McMackin recalls the last time the Seahawks and Broncos met, on Oct. 11. Denver led 21-16 with less than two minutes left but was facing a third-and-three at its own 25. "We tried an all-out blitz, with everyone just selling out," says McMackin. "We had to get the ball back. It was do or die, and we died. He broke a 70-yarder."
49ers' Quick Slant
The Los Angeles Rams were in good shape. In a December 1989 battle for the NFC West lead, they had a 10-point, fourth-quarter lead over the San Francisco 49ers, and they had the ball on the Niners' four-yard line. Then the Rams fumbled, and San Francisco recovered.
"Watch the quick slant," Los Angeles defensive coordinator Fritz Shurmur phoned down from the coaches' box. Niners wideout John Taylor had already burned the Rams for a 92-yard score on Joe Montana's patented quick slant, a play that should have gone for five yards. Shurmur hung up the phone just in time to watch Montana to Taylor on, yes, the quick slant, this time for 95 yards. San Francisco went on to win the game 30-27 and clinch the division title.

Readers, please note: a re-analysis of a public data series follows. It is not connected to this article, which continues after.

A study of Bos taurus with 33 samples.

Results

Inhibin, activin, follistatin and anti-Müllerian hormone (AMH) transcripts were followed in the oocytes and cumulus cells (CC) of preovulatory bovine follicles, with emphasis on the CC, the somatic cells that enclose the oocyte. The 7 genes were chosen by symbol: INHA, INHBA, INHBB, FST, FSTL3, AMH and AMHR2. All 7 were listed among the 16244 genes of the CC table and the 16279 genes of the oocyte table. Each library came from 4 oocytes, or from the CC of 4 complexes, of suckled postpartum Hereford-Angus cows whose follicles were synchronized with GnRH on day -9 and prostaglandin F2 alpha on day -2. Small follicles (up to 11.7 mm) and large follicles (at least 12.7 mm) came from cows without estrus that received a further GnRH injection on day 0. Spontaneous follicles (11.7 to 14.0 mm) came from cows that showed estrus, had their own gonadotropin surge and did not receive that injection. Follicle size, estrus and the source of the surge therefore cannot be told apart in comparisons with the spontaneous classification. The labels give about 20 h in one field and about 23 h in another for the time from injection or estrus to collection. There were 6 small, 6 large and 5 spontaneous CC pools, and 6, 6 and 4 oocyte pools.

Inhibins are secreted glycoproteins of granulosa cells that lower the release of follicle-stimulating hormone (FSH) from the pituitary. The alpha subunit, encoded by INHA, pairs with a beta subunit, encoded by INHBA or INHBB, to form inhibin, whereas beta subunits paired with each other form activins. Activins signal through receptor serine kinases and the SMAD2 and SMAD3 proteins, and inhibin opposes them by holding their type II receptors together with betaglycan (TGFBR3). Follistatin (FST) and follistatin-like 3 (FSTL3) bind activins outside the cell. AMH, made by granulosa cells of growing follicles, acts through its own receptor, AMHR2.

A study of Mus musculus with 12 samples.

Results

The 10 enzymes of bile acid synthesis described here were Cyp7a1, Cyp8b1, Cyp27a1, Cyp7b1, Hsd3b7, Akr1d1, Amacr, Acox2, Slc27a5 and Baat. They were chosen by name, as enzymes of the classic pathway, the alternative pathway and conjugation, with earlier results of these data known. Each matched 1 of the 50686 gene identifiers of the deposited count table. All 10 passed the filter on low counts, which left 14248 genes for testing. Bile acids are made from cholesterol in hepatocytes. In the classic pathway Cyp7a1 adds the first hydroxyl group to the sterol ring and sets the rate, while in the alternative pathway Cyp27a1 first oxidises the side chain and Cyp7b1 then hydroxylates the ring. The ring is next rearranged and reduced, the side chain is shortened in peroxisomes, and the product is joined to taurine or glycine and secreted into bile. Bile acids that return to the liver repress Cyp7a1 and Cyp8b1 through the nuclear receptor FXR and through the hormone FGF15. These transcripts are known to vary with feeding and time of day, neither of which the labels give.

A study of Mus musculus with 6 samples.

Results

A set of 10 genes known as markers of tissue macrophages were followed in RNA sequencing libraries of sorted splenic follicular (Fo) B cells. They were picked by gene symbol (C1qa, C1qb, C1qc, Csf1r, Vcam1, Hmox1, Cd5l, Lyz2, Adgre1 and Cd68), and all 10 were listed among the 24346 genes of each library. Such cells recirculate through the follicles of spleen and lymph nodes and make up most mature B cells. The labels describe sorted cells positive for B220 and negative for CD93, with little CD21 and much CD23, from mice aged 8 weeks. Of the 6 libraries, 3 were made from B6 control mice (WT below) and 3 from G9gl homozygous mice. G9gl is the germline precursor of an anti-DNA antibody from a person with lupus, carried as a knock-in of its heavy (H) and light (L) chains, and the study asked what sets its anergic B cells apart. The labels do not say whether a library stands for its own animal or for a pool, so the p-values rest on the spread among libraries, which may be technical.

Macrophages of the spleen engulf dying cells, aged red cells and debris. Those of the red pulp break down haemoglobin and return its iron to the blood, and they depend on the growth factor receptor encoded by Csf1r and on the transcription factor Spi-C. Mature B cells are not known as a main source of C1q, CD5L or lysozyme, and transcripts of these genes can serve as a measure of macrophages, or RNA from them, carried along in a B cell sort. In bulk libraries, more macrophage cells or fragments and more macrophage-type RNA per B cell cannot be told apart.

Here's a tip: If you want to talk football with Shurmur, who now coordinates the Green Bay Packers' defense, do not—repeat, do not—mention the quick slant. "You think I've forgotten about it? Well, I haven't" Shurmur said recently. "The cornerback falls down on one of them, we miss a couple of tackles on the other. I've had 1,000 nightmares about that play. A five-yard gain, at best, winds up blowing open a tight game."
Everyone has the quick slant, but defenders don't fear it when other teams run it. Montana to Taylor or Jerry Rice? Steve Young to Rice, Terrell Owens or J.J. Stokes? That's another matter. It's a trademark of the Bill Walsh concept of throw short, run long: precise timing and a big receiver who can dwarf a cornerback, break his tackle and then get downfield in a hurry.
How do you stop it? Well, you start by drafting bigger corners. Rice, Owens and Stokes are 6'2", 6'3" and 6'4", respectively. "The classic mismatch," says the Bills' Smith. "If you don't have three defensive backs who can match up, too bad for you. Get a bigger one next year."
But how do you really stop it? "The biggest thing is making the tackle," says Campo. "Then you have to work real hard with your corners on quick recognition and getting a good jump, getting inside on the slant lanes. The problem is that the 49ers can get to the slant in a lot of different ways, and they can run a lot of stuff off it."
"The scariest part of the play," New York Jets assistant head coach Bill Belichick says, "is the Sluggo adjustment. If the cornerback jumps inside to stop the slant, the receiver just takes off downfield on a go pattern. Slant plus go equals Sluggo."